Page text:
Temperatures in the Arctic are currently climbing two to three times faster than the global average. The result – and, thanks to feedback effects, also the cause – is dwindling sea ice. In a study published in the actual volume of Nature Communications, geo- and climate researchers at the Alfred-Wegener Institute, Helmholtz Centre for Polar- and Marine Research (AWI) show that, in the course of our planet’s history, summertime sea ice was to be found in the central Arctic in periods characterised by higher global temperatures – but less CO2 – than today.
Prognoses for the future of the Arctic can only be as reliable as the models and data they’re based on. The scenarios projected by climate modellers vary greatly, and it remains unclear when we can expect to see the Arctic Ocean free of ice in the summer. At the same time, there is considerable public interest in dependable predictions concerning Arctic sea ice development over the next few decades, so as to have a basis for long-term strategic planning.
Researchers at the Alfred Wegener Institute have now more closely analysed the glacial history of the central Arctic with the help of sediment core data and climate simulations. Their findings indicate that the region was home to sea ice during the last interglacial, between 115,000 and 130,000 years ago. “Thanks to the sediment core data, we have clear evidence that, during the last interglacial roughly 125,000 years ago, the central Arctic Ocean was still covered with sea ice during the summer. In contrast, in an area to the northeast of Spitsbergen, the summertime sea ice virtually disappeared,” explains Prof Rüdiger Stein, a geologist at the Alfred Wegener Institute and first author of the Nature Communications study, adding, “This is also confirmed by the climate simulations run by AWI modellers involved in the study.”
However, comparing the results of the climate simulations for the most recent interglacial with scenario calculations for the future reveals substantial differences: thanks to the more intense solar radiation, back then the air temperatures at higher latitudes were also a few degrees higher than at present. However, the carbon dioxide concentration in the atmosphere – roughly 290 ppm (parts per million) – was ca. 110 ppm lower than the current level, as ice core data from the Antarctic shows. For their scenario calculations, the AWI modellers plugged in atmospheric CO2 concentrations in excess of 500 ppm, a level in keeping with the forecasts released by the Intergovernmental Panel on Climate Change (IPCC). Under these conditions, a disproportionately rapid retreat of summertime sea ice in the central Arctic Ocean over the course of the next few decades, followed by its complete disappearance – depending on how quickly CO2 levels rise – roughly 250 years from now, is to be expected. The outcomes of the study reveal the complexity of the processes shaping climate change in the Arctic and point to significant spatial and chronological variances in sea ice cover. To slow the warming of the Arctic and the permanent loss of sea ice, reducing the level of anthropogenic CO2 emissions in the atmosphere is vital.
For the purposes of their study, the researchers used what is referred to as “proxies” – indicators that contain information on past environmental conditions. They concentrated on organic proxies, also known as biomarkers. Some of these biomarkers are produced by certain species of algae, among which one group can only be found in open surface water, while the members of another group only live in sea ice (or did so in the Earth’s distant past). “When we confirm the presence of these algal biomarkers in our sediment layers, it allows us to draw conclusions on the depositional environment and the environmental conditions at the respective time,” says Stein. Since the biomarker groups they investigated are based on algae – i.e., on plants that require light for photosynthesis – the absence of both groups is an important indicator of a very thick and largely contiguous ice cover. Such conditions would make photosynthesis impossible, both for the algae in the surface water directly under the ice and those dwelling deeper in the ice close to the ice-water interface.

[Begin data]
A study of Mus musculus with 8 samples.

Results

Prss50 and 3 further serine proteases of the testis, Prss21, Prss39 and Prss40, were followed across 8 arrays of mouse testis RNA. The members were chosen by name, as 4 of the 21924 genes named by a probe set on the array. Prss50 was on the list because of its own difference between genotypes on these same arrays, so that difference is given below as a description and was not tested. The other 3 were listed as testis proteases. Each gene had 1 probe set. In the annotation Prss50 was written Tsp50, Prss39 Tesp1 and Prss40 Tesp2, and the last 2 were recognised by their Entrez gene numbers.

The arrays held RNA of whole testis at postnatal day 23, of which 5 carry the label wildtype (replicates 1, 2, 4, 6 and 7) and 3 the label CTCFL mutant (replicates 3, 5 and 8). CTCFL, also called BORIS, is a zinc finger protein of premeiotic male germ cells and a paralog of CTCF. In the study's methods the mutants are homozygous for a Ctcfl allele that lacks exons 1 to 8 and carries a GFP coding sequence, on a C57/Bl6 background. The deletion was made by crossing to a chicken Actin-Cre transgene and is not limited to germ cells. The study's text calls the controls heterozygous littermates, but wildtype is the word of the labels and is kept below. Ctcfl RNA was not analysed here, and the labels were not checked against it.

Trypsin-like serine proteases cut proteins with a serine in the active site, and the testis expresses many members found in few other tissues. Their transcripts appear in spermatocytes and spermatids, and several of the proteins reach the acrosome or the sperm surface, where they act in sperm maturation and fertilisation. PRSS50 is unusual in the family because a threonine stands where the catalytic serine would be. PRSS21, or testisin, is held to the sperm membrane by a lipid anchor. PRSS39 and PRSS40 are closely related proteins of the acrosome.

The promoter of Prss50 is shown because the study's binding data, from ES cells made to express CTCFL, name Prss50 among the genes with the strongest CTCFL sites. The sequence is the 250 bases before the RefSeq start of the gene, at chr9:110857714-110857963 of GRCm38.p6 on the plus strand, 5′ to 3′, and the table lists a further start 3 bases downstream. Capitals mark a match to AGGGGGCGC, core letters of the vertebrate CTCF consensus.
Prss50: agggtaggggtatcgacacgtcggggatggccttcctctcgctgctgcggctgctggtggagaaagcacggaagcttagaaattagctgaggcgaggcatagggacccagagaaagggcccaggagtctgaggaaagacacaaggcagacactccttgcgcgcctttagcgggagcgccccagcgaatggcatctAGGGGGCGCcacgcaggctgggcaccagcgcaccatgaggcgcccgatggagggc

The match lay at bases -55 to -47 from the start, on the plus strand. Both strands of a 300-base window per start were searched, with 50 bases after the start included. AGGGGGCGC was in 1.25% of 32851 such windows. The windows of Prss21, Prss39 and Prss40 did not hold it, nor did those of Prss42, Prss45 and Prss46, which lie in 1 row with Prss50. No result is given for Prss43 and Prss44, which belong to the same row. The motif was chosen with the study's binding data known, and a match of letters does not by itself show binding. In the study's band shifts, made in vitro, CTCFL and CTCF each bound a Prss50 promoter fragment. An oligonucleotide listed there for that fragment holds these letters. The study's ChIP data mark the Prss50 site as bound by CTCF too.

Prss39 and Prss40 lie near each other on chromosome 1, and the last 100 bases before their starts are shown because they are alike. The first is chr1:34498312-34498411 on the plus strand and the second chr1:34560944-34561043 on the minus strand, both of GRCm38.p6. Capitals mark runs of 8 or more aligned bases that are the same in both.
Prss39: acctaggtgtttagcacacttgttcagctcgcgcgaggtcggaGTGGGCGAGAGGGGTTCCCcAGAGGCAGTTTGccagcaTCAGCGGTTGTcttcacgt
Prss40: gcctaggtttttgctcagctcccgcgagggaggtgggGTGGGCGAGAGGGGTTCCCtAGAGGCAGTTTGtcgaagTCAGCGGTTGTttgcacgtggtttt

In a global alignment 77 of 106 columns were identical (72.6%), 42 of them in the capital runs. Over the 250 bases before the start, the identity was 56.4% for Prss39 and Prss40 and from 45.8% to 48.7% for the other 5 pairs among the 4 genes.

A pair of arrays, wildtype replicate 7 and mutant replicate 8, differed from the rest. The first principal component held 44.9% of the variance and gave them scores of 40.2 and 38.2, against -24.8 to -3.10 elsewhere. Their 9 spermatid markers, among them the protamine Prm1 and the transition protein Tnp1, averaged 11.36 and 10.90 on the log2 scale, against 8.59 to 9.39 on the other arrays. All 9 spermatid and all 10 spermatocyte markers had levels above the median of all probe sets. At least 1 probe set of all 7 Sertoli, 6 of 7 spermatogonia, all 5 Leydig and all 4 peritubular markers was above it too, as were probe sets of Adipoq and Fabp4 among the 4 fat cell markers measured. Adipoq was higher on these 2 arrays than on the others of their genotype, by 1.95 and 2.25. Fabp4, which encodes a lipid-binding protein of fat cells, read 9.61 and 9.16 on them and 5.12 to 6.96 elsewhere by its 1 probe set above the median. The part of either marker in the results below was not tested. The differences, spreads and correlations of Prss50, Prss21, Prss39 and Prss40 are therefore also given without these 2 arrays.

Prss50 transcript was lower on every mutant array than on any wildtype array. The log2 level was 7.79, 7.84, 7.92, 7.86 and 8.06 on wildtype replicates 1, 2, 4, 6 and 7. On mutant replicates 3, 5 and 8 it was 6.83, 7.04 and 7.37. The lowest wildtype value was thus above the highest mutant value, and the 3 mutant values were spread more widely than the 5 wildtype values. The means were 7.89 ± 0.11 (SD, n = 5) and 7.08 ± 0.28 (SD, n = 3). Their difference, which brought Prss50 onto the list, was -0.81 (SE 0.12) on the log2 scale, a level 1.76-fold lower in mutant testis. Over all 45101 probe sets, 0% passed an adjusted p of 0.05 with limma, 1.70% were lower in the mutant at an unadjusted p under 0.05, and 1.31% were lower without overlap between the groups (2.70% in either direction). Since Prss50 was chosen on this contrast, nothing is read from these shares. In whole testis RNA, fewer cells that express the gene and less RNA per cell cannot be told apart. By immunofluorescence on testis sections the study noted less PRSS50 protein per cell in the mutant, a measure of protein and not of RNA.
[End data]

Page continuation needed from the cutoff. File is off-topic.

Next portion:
In addition to these valuable new insights into sea ice distribution during the last interglacial, the study also produced another exciting finding, one concerning the extent of circum-Arctic ice sheets during the Saale glaciation. As Stein relates, “Towards the end of the Saale glaciation (roughly 140,000 to 150,000 years ago), the glaciers most likely extended beyond the outer shelf. They produced masses of cold air that blew out to sea as powerful fall winds (katabatic winds) and created large expanses of open water (polynyas) – a process still frequently observed around the Antarctic continent.”
These conditions would seem to contradict the hypotheses put forward by international researchers (Jakobsson et al., 2016), who postulated in 2016 that the glaciers in North America and Eurasia expanded beyond the continental shelf during the Saale glaciation and into open water, covering the entire Arctic Ocean with a nearly kilometre-thick layer of solid ice. “Yet our biomarker data show acceptable living conditions for phytoplankton and sea ice algae, namely open waters and seasonal ice cover – a wide difference to kilometre-thick ice,” says Rüdiger Stein. However, the geologist goes on to explain, “That being said, a chronological sequence of extremely extended thick ice sheets (similar to what Jakobsson et al. have postulated) followed by sea ice formation with polynyas seems to be possible, as the initial results of our own investigations on the southern Lomonosov Ridge have shown. To finally approve this, however, further detailed investigations, especially of well dated sediment cores, are needed.”